As it did more than a decade ago, the DB9 sits on Aston’s then new VH platform, (it stands for Vertical/Horizontal and refers to the platform’s almost infinite adaptability). The fact that the structure has spawned one car with just two seats (the Vantage) and another with four doors (Rapide) proves the point well.

But versatile to a fault though the platform may be, it also comes with two problems: it’s heavy and space inefficient. Despite using aluminium for both the platform and most of the body, even the coupé DB7 weighs 1785kg, which is about the same as a standard Jaguar XJ or Audi A8 limo. 

Andrew Frankel Autocar

Andrew Frankel

Senior contributing writer
The Aston's updated engine produces 510bhp and 457lb ft

Nor is the engine in exactly its first flush. It was first shown in 1996 under the bonnet of the Ford Indigo concept and was, in essence, two 3.0-litre Ford Duratec V6 motors joined together.

The first Aston it powered was the DB7, and since then it has been available in a bewildering variety of outputs and specifications in every production 12-cylinder Aston since. And it’s still mated to a six-speed automatic gearbox in an era when you might expect eight speeds or a dual-clutch transmission.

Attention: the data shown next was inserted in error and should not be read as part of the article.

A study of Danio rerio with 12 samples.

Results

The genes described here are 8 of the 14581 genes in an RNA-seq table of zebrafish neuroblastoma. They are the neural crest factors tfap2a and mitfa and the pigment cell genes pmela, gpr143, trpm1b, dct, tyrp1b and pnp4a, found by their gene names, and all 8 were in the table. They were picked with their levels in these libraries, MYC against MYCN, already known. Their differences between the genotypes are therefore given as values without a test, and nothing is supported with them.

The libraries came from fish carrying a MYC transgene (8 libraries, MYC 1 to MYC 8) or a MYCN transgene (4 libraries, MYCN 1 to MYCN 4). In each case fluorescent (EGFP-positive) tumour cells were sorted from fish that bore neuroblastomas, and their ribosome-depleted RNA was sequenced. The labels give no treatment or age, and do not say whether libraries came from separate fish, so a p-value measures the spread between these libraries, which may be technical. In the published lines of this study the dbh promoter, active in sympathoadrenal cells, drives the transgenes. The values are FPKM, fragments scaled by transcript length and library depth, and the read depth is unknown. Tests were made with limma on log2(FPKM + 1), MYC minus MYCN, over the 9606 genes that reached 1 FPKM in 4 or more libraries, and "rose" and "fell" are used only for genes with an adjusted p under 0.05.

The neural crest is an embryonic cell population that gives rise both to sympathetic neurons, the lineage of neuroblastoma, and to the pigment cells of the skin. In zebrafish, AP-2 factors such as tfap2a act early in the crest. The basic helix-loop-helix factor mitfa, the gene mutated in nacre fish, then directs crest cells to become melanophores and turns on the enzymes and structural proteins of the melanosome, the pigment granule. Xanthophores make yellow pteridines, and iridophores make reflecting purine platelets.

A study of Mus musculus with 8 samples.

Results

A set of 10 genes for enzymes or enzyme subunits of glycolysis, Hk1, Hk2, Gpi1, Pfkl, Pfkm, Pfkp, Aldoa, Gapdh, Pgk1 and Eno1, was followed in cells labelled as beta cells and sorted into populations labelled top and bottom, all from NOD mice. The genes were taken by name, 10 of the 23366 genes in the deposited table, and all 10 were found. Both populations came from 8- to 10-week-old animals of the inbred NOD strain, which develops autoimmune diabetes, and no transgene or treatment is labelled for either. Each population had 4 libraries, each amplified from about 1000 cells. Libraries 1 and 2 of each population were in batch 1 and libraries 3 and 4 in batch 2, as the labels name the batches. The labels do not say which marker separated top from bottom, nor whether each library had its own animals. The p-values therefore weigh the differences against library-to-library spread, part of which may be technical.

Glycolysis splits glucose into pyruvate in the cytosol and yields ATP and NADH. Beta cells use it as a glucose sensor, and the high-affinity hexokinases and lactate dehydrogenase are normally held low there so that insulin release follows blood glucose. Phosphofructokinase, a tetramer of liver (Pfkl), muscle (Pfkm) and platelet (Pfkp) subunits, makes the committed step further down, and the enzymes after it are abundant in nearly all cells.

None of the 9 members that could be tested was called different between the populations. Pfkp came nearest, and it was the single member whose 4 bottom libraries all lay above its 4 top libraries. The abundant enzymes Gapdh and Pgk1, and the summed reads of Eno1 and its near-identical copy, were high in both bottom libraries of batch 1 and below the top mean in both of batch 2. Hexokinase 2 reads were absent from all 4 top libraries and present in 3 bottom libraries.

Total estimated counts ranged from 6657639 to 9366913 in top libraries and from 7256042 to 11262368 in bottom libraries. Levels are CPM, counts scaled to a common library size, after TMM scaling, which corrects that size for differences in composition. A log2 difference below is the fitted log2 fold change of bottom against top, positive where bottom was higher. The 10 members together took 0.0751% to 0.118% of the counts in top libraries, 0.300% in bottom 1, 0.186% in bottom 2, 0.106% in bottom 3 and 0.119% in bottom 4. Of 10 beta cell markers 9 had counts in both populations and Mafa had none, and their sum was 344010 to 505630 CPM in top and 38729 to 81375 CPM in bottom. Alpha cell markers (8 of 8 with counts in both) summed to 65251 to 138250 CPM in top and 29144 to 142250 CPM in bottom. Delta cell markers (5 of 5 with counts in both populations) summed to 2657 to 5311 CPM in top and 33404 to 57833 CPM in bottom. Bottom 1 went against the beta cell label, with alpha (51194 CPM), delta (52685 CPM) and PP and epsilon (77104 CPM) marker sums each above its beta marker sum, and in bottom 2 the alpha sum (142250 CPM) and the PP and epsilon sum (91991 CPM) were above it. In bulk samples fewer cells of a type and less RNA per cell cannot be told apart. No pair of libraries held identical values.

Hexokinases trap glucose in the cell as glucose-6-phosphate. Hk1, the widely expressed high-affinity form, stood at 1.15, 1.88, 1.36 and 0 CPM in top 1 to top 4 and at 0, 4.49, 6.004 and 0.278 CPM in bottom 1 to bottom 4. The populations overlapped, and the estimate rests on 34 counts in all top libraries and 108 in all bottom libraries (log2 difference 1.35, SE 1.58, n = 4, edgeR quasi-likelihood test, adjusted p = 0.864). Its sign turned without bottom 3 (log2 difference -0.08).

Even so, the DB9 has not been left undeveloped. It’s now fitted with the AM10 version of the 5935cc V12C, which is tuned to provide 510bhp. That's not only 40bhp more than the previous DB9, but also 21bhp more than the Virage which it replaces.


On the chassis side, double wishbones are of course retained at each corner, but adaptive damping offering three modes, including one for track work, is now standard, while carbon-ceramic brakes drop unsprung weight by 12.5kg.

Visually, it’s remarkable how pure the car still looks given that its original Ian Callum design was modified pre-production by Henrik Fisker, and recently brought up to date and made compliant with the latest pedestrian impact legislation by Marek Reichman.